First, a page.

NAR: More people think it's a good time to buy a home

An increasing number of people said they think it's a good time to purchase a home, according to the latest Housing Opportunities and Market Experience survey from the National Association of Realtors. At the same time, a declining number of respondents had a positive outlook on the market for sellers.

In the HOME survey for the first quarter of 2019, 65 percent felt moderately or strongly that it was a good time to buy a home. This was up from 63 percent in the previous quarter, though it was down 3 percentage points on an annual basis.

The two oldest age groups of respondents—defined as older boomers (ages 64 to 72) and the Silent Generation (ages 73 to 93)—were most likely to think it was a good time to buy a home, with three-quarters of each group holding this opinion. Three out of four homeowners also thought it was a good time to buy. Conversely, half of the renters in the survey considered it a bad time to buy a home, as did 49 percent of millennials.

"First, inventory has been rising, so those buyers interested in making a purchase will not be limited in choices," said Lawrence Yun, chief economist at the National Association of Realtors. "Additionally, more stable home price trends are leading to more foot traffic at various open house gatherings."

Sixty-nine percent considered it a good time to sell a home, the lowest share since the fourth quarter of 2017. The most likely groups to have a positive attitude about home selling were living in the West (77 percent), earning more than $100,000 a year (76 percent), or younger boomers ages 54 to 63 (74 percent). Those who lived with someone else but did not own a home were the most pessimistic, with 42 percent considering it a bad time to sell a home.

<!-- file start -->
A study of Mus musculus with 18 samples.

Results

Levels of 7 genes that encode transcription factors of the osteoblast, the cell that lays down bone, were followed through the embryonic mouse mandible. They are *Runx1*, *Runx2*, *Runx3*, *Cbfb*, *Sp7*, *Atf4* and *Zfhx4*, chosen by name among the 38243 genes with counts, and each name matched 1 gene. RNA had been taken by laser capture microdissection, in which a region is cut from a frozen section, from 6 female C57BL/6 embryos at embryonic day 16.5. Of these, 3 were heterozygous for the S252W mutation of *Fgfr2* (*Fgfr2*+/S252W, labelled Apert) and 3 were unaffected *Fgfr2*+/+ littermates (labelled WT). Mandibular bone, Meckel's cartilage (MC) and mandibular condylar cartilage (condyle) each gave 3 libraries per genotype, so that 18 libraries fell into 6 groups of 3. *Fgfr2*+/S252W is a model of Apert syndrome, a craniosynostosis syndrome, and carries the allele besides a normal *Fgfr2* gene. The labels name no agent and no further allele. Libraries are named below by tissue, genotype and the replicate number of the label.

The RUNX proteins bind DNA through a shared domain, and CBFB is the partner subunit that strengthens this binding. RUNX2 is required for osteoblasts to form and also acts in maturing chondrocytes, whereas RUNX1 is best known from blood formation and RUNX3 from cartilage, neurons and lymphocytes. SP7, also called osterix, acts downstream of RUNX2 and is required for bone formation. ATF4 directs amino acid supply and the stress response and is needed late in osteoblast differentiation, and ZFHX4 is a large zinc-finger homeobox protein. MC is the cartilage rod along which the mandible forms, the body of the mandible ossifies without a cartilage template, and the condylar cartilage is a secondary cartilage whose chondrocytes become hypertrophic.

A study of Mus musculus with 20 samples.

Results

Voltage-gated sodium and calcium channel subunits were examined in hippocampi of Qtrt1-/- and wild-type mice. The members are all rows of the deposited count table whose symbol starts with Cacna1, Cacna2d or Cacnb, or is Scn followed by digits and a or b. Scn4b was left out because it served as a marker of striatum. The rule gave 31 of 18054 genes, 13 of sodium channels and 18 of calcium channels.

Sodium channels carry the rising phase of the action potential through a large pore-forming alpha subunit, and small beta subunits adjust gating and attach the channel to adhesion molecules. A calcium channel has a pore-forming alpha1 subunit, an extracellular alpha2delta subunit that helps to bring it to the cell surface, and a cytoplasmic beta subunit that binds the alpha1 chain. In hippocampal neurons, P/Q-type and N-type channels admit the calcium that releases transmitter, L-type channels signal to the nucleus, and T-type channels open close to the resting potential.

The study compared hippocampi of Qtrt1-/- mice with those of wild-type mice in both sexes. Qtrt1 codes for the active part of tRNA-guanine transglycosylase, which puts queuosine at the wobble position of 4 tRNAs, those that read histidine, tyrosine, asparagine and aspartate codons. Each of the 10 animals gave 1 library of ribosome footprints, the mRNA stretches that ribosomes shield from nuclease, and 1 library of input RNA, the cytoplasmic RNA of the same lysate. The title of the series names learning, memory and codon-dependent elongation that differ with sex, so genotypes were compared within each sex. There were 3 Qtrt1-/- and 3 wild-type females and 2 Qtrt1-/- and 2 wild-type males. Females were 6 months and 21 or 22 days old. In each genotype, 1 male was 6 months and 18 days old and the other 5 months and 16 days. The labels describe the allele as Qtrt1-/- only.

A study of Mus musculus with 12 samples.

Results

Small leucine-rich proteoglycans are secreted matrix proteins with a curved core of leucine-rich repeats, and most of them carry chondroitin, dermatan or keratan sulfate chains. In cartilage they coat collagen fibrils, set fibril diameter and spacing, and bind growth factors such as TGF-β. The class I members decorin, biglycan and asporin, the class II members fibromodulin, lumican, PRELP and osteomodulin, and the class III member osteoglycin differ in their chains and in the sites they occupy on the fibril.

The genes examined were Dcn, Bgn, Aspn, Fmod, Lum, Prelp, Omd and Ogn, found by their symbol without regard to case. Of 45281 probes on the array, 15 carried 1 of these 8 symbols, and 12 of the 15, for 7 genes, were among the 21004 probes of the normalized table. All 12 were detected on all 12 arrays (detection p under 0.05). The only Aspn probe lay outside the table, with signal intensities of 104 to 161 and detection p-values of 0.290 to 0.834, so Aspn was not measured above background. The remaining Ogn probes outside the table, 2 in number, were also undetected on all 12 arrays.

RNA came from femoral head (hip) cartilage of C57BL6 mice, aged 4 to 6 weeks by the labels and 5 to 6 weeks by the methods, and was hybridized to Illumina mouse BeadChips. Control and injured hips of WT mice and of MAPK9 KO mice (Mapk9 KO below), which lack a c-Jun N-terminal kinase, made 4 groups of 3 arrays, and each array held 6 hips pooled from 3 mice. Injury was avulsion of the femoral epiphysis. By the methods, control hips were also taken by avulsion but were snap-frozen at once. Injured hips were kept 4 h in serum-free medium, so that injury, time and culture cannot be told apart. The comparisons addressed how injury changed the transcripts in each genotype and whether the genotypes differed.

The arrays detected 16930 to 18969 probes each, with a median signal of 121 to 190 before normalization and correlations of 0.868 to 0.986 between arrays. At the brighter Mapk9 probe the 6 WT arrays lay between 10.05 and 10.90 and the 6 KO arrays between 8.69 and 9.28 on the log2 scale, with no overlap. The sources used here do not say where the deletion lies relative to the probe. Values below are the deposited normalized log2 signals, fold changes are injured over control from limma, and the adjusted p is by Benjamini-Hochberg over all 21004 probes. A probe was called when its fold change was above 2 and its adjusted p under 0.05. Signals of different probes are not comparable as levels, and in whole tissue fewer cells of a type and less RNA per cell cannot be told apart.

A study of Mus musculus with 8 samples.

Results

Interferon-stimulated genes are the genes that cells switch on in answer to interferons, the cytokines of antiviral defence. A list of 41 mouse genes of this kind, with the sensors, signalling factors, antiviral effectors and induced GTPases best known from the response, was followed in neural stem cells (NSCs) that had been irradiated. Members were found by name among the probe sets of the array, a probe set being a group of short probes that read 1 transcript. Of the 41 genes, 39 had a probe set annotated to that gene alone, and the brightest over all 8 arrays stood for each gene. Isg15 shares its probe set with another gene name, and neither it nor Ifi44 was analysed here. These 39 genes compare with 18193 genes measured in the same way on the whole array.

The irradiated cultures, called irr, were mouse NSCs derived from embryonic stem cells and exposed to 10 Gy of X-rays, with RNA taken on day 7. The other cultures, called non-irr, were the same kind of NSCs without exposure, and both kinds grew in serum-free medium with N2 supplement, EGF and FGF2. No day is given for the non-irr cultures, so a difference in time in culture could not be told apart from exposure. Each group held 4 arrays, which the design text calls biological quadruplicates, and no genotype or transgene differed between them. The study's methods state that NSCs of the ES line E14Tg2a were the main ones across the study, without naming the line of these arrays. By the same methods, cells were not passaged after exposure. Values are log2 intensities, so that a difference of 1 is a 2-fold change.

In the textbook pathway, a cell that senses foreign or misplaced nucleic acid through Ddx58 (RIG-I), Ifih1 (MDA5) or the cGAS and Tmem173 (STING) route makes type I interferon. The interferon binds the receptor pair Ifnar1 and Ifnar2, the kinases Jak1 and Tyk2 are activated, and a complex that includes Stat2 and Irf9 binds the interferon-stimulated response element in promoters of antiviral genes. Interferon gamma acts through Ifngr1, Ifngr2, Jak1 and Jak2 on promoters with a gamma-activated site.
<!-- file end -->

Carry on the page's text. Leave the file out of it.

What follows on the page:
Fewer people were reporting recent home price increases, with 61 percent saying prices have gone up in the past 12 months – the lowest share since the second quarter of 2017. Thirty-one percent said prices have stayed about the same, while 8 percent said they have gone down.

Looking ahead to the next six months, 47 percent said they expect home prices to go up. This was down from 48 percent in the previous quarter and 53 percent in the first quarter of 2018.

Among the respondents who were not homeowners, 45 percent said they thought it would not be very difficult or not difficult at all to qualify for a mortgage. This was up from 42 percent in the previous quarter and 36 percent in the previous year. Fifty-five percent said they thought it would be difficult to qualify for a mortgage, down from 59 percent in the fourth quarter of 2018 and 64 percent in the first quarter of 2018.

Respondents earning less than $50,000 a year were least likely to expect that qualifying for a mortgage would be easy, with just 29 percent holding this opinion. Thirty-five percent of younger boomers thought it would be easy to qualify, along with the same share of non-owner respondents who live with someone.

"The Federal Reserve's decision to refrain from any foreseeable rate hikes was beneficial to potential buyers," said Yun. "That move directly contributed to mortgage rates declining in quarter one, which provided a second-chance opportunity to those looking to buy who were priced out last quarter."

Fifty-three percent said they think the economy is improving, down from 59 percent in the previous quarter and 60 percent in the previous year to reach the lowest point since the fourth quarter of 2017. Sixty-two percent of rural respondents and 59 percent of those earning more than $100,000 a year said they thought the economy was improving. Fifty-eight percent of urban respondents, along with 56 percent of those living with someone or earning under $50,000 a year, said they though the economy was not improving.

The HOME survey completes approximately 900 telephone interviews each month to collect responses for the quarterly reports. The survey for the first quarter of 2019 is based on 2,710 responses.